Audit Finds Inadequate Financial Records Related to King/Drew Medical Center
Because financial records related to Martin Luther King Jr./Drew Medical Center were inadequate, Los Angeles County auditors were unable to account for millions of dollars that the county spent each year for physician training and clinical programs at the facility, according to a county fiscal audit expected to be released Friday, the Los Angeles Times reports. According to a copy of the report obtained by the Times, auditors found that:
Charles R. Drew University of Medicine and Science has not kept adequate records of how it has spent county funds, and as a result, auditors could not determine how many physician trainees work at King/Drew.
- Drew and Los Angeles County did not draft accountability measures as they promised in fiscal year 2001-2002.
- The county paid Drew to operate physician-training programs in nephrology and cardiology, but those programs actually were administered by the University of California-Los Angeles.
- According to the Times, physicians at King/Drew earned "far more proportionally" than their peers at Harbor-UCLA Medical Center, which also is a county hospital.
County Auditor-Controller J. Tyler McCauley, whom county Health Director Dr. Thomas Garthwaite recruited to conduct the audit, said there is not a sufficient system of checks and balances in the county's contract with Drew. He added, "The absence of the records makes it hard to determine" if the county received the services for which it paid.
In related news, the Accreditation Council for Graduate Medical Education in a letter dated July 29 proposed placing King/Drew's orthopedic surgery program on probation because of poor training and alleged intimidation of residents to prevent them from reporting concerns about the program to superiors. ACGME found the program "faltered at so many levels that it should be voluntarily closed -- or risk being closed" by the group, the Times reports.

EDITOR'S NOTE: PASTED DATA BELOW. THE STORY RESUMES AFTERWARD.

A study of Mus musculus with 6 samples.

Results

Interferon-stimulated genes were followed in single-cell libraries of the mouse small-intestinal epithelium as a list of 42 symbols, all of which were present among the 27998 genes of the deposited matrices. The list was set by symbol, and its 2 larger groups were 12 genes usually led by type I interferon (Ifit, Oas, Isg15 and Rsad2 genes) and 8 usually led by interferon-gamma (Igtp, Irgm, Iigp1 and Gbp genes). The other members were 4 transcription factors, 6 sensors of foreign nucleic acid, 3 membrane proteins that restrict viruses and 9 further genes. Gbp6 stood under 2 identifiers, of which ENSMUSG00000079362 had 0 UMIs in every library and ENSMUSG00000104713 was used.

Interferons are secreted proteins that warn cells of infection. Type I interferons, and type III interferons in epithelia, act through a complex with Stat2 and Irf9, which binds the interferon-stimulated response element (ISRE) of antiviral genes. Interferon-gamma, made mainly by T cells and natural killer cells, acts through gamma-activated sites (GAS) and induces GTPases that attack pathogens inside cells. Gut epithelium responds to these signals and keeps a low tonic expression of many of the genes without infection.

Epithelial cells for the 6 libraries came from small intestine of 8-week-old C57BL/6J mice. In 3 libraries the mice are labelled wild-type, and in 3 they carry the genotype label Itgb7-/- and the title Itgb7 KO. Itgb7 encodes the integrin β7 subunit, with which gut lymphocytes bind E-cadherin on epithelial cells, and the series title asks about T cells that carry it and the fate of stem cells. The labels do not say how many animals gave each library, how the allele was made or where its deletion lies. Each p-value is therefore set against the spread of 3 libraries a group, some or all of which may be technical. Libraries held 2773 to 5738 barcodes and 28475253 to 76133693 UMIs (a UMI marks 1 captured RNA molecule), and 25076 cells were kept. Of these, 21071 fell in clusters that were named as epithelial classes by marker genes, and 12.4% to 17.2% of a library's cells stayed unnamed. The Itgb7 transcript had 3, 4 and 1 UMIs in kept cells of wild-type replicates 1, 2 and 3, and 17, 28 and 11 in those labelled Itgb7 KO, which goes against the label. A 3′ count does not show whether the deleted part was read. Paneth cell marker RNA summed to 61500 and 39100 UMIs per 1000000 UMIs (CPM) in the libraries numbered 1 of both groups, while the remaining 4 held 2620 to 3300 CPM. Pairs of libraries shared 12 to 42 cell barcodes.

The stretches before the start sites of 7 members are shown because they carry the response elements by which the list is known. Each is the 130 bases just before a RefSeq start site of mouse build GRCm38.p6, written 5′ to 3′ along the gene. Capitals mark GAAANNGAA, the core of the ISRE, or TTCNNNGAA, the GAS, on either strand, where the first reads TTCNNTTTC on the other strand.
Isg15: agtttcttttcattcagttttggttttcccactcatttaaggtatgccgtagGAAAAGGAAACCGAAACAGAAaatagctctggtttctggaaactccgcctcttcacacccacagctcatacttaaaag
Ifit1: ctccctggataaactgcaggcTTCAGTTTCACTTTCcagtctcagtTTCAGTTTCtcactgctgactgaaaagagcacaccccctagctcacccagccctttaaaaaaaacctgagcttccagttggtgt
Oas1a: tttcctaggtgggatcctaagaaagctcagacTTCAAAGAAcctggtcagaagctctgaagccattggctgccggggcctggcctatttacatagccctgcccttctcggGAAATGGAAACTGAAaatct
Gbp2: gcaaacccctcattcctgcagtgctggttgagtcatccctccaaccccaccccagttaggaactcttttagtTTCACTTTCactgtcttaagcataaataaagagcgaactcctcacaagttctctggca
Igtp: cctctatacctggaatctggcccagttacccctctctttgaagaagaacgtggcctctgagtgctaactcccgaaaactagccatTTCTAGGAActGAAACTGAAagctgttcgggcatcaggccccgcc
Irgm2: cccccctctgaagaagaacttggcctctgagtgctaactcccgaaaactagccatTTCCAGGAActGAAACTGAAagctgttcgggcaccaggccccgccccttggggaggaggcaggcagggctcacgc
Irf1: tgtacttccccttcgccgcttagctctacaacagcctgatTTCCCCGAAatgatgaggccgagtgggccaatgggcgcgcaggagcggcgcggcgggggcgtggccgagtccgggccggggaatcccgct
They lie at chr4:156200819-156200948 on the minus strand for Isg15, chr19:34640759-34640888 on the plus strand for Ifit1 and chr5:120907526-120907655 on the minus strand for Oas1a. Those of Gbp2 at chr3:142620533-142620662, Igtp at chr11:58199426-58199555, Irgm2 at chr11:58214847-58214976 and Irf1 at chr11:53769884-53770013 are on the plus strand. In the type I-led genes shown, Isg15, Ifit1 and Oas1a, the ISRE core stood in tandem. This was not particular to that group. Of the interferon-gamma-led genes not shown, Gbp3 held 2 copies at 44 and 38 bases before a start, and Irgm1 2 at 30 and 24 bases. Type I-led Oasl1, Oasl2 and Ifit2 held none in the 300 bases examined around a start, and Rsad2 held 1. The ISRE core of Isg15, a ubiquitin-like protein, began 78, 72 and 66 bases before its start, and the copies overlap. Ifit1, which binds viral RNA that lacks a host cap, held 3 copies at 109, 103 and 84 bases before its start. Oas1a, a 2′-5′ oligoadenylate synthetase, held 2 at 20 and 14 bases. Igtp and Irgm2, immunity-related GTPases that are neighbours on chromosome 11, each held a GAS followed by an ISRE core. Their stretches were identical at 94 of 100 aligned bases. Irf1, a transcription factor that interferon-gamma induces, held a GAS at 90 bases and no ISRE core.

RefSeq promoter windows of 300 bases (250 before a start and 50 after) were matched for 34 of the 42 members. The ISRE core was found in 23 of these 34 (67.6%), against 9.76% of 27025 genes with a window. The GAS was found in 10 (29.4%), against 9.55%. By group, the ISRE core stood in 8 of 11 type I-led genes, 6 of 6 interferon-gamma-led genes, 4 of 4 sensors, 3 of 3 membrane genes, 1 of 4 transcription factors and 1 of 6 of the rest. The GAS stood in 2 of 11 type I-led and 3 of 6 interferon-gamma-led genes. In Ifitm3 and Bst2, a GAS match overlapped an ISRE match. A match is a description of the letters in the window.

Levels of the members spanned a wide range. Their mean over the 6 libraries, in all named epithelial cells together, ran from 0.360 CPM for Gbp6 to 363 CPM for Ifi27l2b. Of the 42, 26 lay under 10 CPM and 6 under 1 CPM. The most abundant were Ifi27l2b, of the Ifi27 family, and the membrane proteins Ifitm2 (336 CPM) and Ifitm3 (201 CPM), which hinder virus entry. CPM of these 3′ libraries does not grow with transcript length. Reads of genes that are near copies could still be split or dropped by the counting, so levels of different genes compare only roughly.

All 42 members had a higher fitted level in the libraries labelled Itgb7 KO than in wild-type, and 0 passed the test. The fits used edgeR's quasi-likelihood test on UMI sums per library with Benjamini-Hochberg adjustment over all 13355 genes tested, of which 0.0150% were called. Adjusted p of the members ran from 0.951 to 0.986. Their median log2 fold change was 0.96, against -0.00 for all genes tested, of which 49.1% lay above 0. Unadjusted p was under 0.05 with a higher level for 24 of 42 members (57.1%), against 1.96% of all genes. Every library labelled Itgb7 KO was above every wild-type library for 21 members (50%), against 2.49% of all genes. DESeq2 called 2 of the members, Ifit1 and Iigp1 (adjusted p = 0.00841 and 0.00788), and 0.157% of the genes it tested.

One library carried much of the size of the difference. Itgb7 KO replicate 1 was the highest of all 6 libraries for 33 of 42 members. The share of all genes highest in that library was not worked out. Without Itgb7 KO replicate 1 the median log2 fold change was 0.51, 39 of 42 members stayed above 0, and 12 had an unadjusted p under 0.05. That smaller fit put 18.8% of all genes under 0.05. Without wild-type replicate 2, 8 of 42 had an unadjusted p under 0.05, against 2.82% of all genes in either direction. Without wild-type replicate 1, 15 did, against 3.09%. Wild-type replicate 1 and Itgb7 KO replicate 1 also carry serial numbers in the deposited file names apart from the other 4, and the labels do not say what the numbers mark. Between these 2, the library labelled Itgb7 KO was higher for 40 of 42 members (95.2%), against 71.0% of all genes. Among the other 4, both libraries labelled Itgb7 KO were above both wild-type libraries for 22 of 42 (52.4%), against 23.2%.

ACGME found that residents were required to perform too many surgeries and work beyond an 80-hour-per-week limit, which meant that they "did not have enough time to learn orthopedic surgery skills," according to the Times. Only 62.5% of residents taking exams to become certified specialists passed the tests during the past five years.
Garthwaite and Drew's interim president, Harry Douglas, have agreed to phase out the program and seek a relationship with another hospital. The program is no longer accepting new residents.
The Los Angeles County Board of Supervisors on Thursday said the most recent disclosures about King/Drew "only heightened their skepticism" toward Drew, the Times reports. Earlier this week, the board cited "grave concerns" about extending the county contract with the university to run physician-training programs at King/Drew, according to the Times. Supervisors and Garthwaite also said that King/Drew did not give them a copy of the accreditation council's letter until the Times informed them of its contents.
Supervisor Yvonne Brathwaite Burke said she plans to create a hotline for public complaints about King/Drew. "I really should not be doing this, but I feel as though I have to have some mechanism to get information," Burke said. She added that there are people at the hospital who have "this impression that if you bury something, it's going to go away. It does not go away" (Ornstein, Los Angeles Times, 8/13).